Eric Burr: What PSIA-AASI Means to Me
Working as a cross country ski instructor with PSIA-AASI is the pinnacle of my lifelong skiing career. I started teaching alpine in 1965, when commercial cross country lessons weren’t yet offered. Several years later when working as a snow ranger at Olympic's Hurricane Ridge, some of the other rangers wanted to improve their cross country skills so I’d teach them on my days off. I finally joined PSIA-AASI in 1983 and became a full-time cross country instructor in the 1990s.
I’d say the best part of being an instructor is getting people excited about nature and spending time outdoors. My students often ask about the forest wildlife and want to know how they can help protect these areas. Some of my most memorable experiences come from leading what we called "backcountry” (and is now called "touring") candidates out for their certification tests. We would stay overnight in the boondocks and leave with a lot of fun stories.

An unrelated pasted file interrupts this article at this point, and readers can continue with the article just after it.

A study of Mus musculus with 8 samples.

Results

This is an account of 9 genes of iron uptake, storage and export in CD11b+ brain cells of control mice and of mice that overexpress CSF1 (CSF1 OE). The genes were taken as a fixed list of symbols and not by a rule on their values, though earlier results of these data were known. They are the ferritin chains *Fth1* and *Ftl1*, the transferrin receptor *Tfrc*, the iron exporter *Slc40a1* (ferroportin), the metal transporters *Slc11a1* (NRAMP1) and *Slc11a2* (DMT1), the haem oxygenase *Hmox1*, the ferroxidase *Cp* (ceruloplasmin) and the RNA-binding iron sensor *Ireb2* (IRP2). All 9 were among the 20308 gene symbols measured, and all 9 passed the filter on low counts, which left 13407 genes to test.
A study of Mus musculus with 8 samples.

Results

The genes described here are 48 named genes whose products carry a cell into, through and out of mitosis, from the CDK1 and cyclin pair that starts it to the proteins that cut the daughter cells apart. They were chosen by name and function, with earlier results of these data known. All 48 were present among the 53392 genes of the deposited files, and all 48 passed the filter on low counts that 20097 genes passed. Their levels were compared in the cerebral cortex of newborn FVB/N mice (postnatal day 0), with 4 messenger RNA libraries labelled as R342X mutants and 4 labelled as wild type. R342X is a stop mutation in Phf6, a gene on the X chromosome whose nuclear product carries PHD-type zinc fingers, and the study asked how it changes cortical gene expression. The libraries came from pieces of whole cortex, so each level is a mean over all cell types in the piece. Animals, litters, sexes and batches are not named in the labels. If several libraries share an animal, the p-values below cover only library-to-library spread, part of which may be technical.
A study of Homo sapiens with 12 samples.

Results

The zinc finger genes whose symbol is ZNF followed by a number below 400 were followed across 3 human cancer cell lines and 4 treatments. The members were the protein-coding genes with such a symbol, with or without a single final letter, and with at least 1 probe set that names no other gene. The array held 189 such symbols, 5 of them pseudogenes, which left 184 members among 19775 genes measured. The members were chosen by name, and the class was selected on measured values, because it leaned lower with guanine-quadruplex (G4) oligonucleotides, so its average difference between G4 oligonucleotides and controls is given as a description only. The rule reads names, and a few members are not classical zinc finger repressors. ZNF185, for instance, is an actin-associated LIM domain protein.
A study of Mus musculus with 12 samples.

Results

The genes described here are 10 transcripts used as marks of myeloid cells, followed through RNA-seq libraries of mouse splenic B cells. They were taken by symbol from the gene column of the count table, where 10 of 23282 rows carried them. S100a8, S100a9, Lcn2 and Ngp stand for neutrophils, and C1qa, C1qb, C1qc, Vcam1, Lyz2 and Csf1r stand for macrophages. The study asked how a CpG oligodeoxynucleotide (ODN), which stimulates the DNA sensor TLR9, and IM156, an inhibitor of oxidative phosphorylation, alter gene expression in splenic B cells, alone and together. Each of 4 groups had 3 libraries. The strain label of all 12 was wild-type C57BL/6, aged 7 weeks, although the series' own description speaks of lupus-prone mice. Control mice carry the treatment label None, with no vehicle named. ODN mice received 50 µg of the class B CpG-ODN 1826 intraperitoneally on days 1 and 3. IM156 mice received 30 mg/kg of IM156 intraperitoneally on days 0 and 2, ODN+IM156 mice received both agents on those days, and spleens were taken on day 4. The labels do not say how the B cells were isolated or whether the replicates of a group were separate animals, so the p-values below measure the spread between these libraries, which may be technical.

Being a PSIA-AASI member has introduced me to many friends. When I’m not on the snow, the magazines help me stay in touch with the wider world of skiing outside our little isolated valley. If you want to learn more, my book, Ski Trails and Wildlife: Toward Snow Country Restoration, tells a more complete story of what PSIA-AASI has done for me.
Eric Burr is a retired National Park ranger/naturalist and heli-ski guide. He is a Level III cross country instructor, and it follows naturally that turning touring skis is one of his specialties. Eric has written about his experiences skiing for magazines such as POWDER and Nordic World since the 1970s.
This article originally appeared in the Fall 2018 issue of 32 Degrees. Log in now to the online version to access other great content that will up your instructor game.